Thousands of Android apps permanently record your online activity for ad targeting

Updated: Your unique ID is being connected to devices to create an immutable record even when you ask for your history to be forgotten.
Written by Charlie Osborne, Contributing Writer

At least 17,000 Android applications are creating permanent records of your online activity for advertising purposes even when you ask for such information to be forgotten.

New research published by the International Computer Science Institute in California suggests that these apps are using your Advertising ID, alongside persistent identifiers which can be used for the purposes of ad personalization and targeting, in order to create fixed records of past and present user online activity without user consent.

As reported by sister site CNET, it appears that these mobile applications are violating Google's policies on user tracking and advert monetization.

Google requires that developers and advertisers do not connect Advertising IDs to personally-identifiable information or device information including Android ID, IMEIs, SSAIDs, or MAC addresses. 

In addition, Google stipulates that users who choose to opt out of ad personalization must be respected. However, according to the institute, developers are ignoring these rules en masse.

International Computer Science Institute


As a result, even should users reset their advertising preferences, the record will hold and their wishes will be ignored.


These apps allegedly include Clean Master -- which has been downloaded over one billion times -- Angry Birds Classic, Audible, and Subway Surfers.

Flipboard was also listed, but the app developers responsible for the app told CNET the company does not use the Android ID for ad targeting.

"The problem with all of this is that Google is providing users with privacy controls but those privacy controls don't actually do anything because they only control the ad ID, and we've shown that in the vast majority of cases, other persistent identifiers are being collected by apps in addition to the ad ID," the researchers say.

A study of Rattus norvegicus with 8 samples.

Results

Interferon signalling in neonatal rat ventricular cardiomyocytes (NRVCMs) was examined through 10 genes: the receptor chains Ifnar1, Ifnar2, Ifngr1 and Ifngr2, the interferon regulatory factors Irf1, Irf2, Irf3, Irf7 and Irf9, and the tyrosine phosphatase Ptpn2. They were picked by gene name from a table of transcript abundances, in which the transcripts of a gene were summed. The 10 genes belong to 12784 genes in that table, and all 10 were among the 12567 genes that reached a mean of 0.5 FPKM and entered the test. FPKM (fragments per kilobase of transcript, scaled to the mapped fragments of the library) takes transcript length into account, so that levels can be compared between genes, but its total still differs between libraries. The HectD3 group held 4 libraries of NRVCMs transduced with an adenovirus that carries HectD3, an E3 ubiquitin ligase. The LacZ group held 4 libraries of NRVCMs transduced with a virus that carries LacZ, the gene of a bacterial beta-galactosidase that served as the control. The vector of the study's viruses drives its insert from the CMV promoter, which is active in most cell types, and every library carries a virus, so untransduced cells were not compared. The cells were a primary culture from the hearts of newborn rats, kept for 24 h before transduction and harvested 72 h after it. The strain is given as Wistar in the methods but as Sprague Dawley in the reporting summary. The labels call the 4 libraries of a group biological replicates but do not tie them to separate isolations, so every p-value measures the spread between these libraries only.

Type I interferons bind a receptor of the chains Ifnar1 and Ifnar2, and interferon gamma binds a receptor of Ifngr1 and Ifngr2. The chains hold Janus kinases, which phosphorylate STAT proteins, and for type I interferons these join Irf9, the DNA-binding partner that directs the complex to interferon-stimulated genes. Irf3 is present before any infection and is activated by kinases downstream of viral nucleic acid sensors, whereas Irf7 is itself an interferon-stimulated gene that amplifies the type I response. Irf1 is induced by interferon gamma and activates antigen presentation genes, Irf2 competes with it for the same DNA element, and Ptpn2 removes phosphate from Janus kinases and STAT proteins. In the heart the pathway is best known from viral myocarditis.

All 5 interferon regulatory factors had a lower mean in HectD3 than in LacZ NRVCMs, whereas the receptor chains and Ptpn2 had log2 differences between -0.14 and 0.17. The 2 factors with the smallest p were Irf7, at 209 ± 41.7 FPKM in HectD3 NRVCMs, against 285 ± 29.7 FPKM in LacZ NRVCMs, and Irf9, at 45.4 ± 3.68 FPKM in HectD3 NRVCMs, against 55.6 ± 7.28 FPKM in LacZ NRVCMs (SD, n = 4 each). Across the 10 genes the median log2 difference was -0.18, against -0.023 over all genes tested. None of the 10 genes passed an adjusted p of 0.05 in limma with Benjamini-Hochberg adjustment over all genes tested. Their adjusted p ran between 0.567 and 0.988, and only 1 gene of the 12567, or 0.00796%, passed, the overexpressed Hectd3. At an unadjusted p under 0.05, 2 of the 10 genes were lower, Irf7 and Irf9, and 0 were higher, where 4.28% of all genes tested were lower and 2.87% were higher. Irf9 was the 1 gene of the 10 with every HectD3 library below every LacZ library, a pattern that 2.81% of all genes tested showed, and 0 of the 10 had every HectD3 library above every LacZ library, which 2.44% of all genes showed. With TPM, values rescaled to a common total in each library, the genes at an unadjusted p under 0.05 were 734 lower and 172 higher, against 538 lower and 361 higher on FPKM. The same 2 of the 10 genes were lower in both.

"We take these issues very seriously," a Google spokesperson told ZDNet. "Combining Ad ID with device identifiers for the purpose of ads personalization is strictly forbidden. We're constantly reviewing apps -- including those listed in the researcher's report -- and will take action when they do not comply with our policies."

Update 15.23 GMT: A spokesperson for Rovio, the makers of Angry Birds, said, "we are still completing the full investigation on the matter, but we have not initially been able to find any persistent identifiers of our users being passed to said third parties."

Cheetah Mobile, the developers of Clean Master, said the company "endeavors to adhere to all relevant Google Play policies and GDPR requirements," and "we respect our users' privacy, and are transparent with them regarding how we collect and use their data." 

The firm added:

"Cheetah Mobile integrates third party's SDK such as AppsFlyer into its apps to track and validate the installation of Cheetah Mobile's own products. Cheetah Mobile does not perform ad monetization through the third party SDK. The business relationship between Cheetah Mobile and third-parties does not include any personalized advertising."

ZDNet has reached out to the developers of applications mentioned in the report and will update if we hear back.